Posted by kim carpenter on September 10, 2008

For those buying their first time home, you can purchase a home at a very competitive price, keeping in mind, you need to have good credit & some money saved for a downpayment.  The days of 100% are nothing but a memory, making homeownership more of a privlige. instead of a right!

For those of you wanting to move up, what a great time!!  Yes, you may have to take a liitle less for your home but you can also buy your dream home for less also!!!

Local real estate market hopes for fed’s help

Rich Van Wyk/Eyewitness News

Indianapolis – A credit crisis still faces home buyers across Indiana even after the government promised to bail out the companies that own about half the home loans in the nation.

However, there are signs of help coming to the real estate industry. Thirty-year fixed rate mortgages dipped three tenths of a point. That’s encouraging to a market eager for good news.

It’s been a brutal summer for real estate. Indianapolis area home sales fell 21 percent from last year. Average sales prices are down four percent, according to the Metropolitan Indianapolis Board of Realtors.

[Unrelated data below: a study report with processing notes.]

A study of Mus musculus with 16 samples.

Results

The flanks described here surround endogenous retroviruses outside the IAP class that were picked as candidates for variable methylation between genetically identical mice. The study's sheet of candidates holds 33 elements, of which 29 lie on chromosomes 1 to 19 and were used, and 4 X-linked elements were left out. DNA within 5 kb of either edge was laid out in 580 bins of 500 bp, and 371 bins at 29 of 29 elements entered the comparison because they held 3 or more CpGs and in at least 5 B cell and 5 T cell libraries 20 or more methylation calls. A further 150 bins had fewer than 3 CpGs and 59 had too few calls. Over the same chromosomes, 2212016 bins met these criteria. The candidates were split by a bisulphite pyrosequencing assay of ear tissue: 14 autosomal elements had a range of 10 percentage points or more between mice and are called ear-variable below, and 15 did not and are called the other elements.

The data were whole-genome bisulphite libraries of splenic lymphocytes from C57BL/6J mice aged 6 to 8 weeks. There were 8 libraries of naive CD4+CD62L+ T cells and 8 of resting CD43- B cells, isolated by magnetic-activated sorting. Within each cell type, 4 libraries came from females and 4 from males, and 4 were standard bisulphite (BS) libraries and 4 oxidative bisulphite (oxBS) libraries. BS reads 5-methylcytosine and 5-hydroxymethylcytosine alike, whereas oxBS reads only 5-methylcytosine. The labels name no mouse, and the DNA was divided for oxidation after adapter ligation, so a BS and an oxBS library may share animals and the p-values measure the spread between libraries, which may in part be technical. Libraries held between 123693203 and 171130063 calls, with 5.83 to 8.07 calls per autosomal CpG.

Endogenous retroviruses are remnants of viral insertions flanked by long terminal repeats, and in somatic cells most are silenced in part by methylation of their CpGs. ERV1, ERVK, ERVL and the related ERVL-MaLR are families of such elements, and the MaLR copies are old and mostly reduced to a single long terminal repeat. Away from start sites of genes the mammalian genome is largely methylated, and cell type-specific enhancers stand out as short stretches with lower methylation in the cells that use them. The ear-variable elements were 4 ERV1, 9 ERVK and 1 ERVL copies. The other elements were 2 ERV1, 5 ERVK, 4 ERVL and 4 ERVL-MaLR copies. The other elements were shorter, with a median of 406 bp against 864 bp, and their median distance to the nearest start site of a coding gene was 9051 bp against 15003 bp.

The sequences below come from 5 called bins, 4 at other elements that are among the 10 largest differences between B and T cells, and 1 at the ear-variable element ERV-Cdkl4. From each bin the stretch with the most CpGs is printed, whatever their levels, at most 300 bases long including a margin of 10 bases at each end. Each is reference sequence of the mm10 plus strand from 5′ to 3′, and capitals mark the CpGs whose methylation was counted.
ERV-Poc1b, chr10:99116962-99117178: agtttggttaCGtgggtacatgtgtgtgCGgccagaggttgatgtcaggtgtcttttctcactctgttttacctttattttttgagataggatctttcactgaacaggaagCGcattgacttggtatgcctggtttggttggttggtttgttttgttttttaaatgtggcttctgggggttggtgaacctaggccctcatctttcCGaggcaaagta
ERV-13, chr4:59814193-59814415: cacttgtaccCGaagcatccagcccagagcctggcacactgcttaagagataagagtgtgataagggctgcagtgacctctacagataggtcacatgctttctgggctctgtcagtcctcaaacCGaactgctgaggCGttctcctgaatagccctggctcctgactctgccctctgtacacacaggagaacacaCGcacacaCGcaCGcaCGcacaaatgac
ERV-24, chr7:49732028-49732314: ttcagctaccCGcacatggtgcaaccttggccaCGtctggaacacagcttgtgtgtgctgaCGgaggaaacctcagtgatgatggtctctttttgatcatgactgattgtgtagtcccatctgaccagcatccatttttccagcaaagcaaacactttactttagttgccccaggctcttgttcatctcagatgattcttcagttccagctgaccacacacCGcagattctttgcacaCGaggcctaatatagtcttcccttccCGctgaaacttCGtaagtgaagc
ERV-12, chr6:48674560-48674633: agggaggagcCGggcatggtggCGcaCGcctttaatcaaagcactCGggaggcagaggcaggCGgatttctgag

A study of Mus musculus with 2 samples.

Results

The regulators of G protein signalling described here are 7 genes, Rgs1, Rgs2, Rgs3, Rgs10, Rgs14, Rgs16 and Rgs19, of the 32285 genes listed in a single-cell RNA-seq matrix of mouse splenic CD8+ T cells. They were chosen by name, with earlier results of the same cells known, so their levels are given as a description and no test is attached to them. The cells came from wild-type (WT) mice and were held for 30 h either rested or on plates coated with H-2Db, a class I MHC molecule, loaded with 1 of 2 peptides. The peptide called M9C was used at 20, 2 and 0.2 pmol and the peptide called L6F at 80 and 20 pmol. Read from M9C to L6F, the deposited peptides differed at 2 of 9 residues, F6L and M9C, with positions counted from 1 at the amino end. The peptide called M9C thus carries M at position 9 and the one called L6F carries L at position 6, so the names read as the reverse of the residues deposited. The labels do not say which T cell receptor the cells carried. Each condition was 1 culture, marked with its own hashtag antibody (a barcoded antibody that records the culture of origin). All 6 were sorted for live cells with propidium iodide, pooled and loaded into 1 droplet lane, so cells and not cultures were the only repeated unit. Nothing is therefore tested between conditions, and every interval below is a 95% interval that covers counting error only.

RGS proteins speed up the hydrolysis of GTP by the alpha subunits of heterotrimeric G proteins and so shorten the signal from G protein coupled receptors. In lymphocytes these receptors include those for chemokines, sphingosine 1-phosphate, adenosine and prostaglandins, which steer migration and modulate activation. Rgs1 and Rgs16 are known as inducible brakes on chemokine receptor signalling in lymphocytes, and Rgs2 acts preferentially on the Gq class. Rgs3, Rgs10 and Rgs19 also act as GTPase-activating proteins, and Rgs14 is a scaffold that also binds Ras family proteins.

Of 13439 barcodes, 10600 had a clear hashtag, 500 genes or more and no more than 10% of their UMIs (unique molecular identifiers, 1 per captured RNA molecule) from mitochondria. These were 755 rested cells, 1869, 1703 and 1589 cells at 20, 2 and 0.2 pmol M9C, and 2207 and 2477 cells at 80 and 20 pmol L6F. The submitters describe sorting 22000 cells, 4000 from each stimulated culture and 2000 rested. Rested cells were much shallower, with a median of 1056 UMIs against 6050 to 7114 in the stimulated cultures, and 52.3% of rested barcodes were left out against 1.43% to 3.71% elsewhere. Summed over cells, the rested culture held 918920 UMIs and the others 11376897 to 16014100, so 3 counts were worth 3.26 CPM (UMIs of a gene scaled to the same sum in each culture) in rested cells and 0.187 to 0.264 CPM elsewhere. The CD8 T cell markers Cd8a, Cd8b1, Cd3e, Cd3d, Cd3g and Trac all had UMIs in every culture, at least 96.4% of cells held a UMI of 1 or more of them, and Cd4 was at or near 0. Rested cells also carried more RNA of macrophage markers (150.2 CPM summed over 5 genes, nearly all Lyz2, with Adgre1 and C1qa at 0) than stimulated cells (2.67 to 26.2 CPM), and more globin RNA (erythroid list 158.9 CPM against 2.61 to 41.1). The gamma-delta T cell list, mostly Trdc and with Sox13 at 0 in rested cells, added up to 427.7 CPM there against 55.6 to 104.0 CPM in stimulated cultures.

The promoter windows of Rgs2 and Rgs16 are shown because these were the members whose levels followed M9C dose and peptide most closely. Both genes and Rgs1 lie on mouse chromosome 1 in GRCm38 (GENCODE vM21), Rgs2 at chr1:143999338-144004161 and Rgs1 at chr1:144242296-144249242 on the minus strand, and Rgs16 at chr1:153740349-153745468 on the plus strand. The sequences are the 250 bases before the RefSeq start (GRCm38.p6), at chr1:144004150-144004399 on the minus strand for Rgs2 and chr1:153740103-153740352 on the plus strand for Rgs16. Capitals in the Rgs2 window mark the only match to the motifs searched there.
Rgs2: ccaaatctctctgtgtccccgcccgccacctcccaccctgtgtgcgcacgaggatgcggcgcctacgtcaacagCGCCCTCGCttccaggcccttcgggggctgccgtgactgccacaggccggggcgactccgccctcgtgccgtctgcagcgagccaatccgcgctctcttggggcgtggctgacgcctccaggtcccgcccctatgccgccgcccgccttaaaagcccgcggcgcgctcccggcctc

In ten months, the Slicks lowered their price three times.

“Probably four or five couples came in and out,” said Claire Slick.

Is that disappointing?

“Yes, in a word,” said Harry Slick.

Federal intervention could help revive the ailing housing industry. Together Freddie Mac and Fannie Mae hold about half of all the nation’s home mortgages. A federal rescue could bring billions of dollars to the cash strapped real estate industry, making it easier for buyers to borrow money.

“It is a big deal for the housing industry,” said Ron Dow, business professor at the University of Indianapolis.

Dow sees buyers with good credit getting good loans. “That audience today still thinks they market is very tough. I better sit tight,” he said. ” But in reality that is going to free things up. It’s going to be a huge help.”

That help could begin improving home sales by late fall.

Still reeling from a foreclosure crisis spawned by high risk mortgages, lenders are likely to be more cautious about buyers with poor credit histories.

Dow describes them as “individuals with a couple of job losses and some credit challenges, folks who haven’t paid their bills. ”

He says those people will still have a tough time borrowing the money to pay for a house.